If you are interested in a pastoral review of The Shack, that five part series begins here.
While some have perhaps read The Shack as an actual account, the title page clearly identifies the piece as a “novel.” This is a fictional story.
Young himself identifes the literary genre in which he writes as an extended modern parable (listen to his personal story). This is helpful. Like a parable, the events described are fictional though quite possible. And also like a parable, it may communicate something true about God.
For example, the Prodigal Son (Luke 16) is a fictional but true story. It is fictional in the sense that the story has no correspondance in fact, that is, it is not a story about a specific, actual family. But the story is nevertheless true. The Prodigal Son communicates truth. It is theological reflection.
A parabolic story draws the listener or reader into the world of the parable so that we might see something from a particular angle. A parable is not comprehensive theology, but a narratival way of saying a particular thing. As a piece of art rather than didactic prose, it allows a person to hear that point in an emotional as well as intellectual way. It gives us imagery, metaphor, and pictures to envision the truth rather than merely propositions that state it. Parables, as the parables of Jesus often do, can sucker-punch us so that we begin to see something we had not previously seen about ourselves, about God, or about the kingdom. They speak to us emotionally in ways that pure prose does not usually do, much like music, art and poetry are expressive in ways that transcend prose.
The Shack is, I think, a piece of serious theological reflection in parabolic form. It is not a systematic theology. It does not cover every possible topic nor reflect on God from every potential angle. That is not its intent. It is not a comprehensive “doctrine of God.” Its focus is rather narrow. Fundamentally, I read the book as answering this question: how do wounded people journey through their hurt to truly believe in their gut that God really loves them despite the condition of their “shack”?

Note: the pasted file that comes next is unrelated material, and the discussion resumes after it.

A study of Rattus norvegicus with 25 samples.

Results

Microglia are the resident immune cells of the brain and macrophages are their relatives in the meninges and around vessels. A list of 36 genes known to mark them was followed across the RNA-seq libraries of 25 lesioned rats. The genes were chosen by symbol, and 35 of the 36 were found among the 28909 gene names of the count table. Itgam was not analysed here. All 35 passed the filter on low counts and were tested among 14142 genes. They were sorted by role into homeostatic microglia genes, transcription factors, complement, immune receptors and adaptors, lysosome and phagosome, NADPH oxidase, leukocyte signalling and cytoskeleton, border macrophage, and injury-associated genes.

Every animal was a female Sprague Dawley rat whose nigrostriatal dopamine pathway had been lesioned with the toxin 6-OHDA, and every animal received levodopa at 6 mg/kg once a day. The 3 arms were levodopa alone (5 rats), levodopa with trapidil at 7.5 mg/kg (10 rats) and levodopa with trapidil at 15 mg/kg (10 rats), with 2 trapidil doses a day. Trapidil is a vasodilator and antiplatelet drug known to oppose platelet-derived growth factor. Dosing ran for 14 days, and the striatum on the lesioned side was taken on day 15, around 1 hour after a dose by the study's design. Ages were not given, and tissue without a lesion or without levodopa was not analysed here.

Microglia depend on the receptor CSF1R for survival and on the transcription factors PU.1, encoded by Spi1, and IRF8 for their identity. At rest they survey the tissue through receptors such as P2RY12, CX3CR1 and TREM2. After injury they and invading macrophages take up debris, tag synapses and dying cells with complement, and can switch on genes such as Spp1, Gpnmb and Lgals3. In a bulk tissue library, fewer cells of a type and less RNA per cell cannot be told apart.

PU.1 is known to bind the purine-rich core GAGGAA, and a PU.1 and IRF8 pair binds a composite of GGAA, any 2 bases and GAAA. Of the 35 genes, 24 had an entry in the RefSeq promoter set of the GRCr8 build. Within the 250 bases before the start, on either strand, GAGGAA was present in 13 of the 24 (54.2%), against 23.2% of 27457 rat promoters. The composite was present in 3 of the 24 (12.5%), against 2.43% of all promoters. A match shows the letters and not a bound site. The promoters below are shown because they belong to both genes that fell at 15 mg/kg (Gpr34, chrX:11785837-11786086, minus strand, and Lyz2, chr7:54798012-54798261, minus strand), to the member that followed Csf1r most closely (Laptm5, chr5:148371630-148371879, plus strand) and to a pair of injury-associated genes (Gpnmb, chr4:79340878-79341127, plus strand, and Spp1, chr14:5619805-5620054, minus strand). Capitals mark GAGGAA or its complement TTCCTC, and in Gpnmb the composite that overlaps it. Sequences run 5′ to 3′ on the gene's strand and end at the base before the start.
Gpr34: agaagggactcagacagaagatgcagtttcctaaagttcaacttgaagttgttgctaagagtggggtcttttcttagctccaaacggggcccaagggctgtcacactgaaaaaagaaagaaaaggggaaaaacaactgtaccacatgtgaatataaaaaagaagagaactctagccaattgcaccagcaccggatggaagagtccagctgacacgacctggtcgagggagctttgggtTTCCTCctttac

When reading The Shack as serious theological reflection, it is important to keep in mind two key points. First, Young wrote the story to share with his family (primarily his kids) the theological dimensions of his journey into recovery. His family recognizes that he is “Mack,” that Missy is his own lost childhood, and Mack’s encounter with God is the story of his last eleven years to find healing. It is a story into which his children can enter to understand their father’s journey.
Second, it is serious theology in that he shares the vision of God that is at the root of his healing. The parable teaches the truth–the truth he came to believe through the process of his own recovery and healing. The “truth,” however, is not that God is an African American woman–that is the parabolic form. Rather, the “truth” is that God is “especially fond” of Paul (Mack) despite his “shack” (his “stuff”).
The theological message, once it found a publisher, is now availalbe for others than his children. It now became a parable for other readers as well through which Young invites us to see that the truth he discovered in his own recovery is true for every one of us. God is “especially fond” of each of us no matter what the condition of our “shacks”.
In this series–and I have no idea how far or long I will go with this–I will use Young’s parable as an occasion for thinking about some significant theological themes. The Shack will provide the fodder but I will not limit myself to the book in developing those themes.
While one aspect of my purpose is to discern whether The Shack is as heretical as some seem to think, my larger intent is to think about these themes in the context of my own journey to find healing in the midst of woundedness as well as to think more broadly about what our vision of God actually is.
So, I invite you to read, reflect, and discuss these themes with me, but I write for my own processing more than I write for you.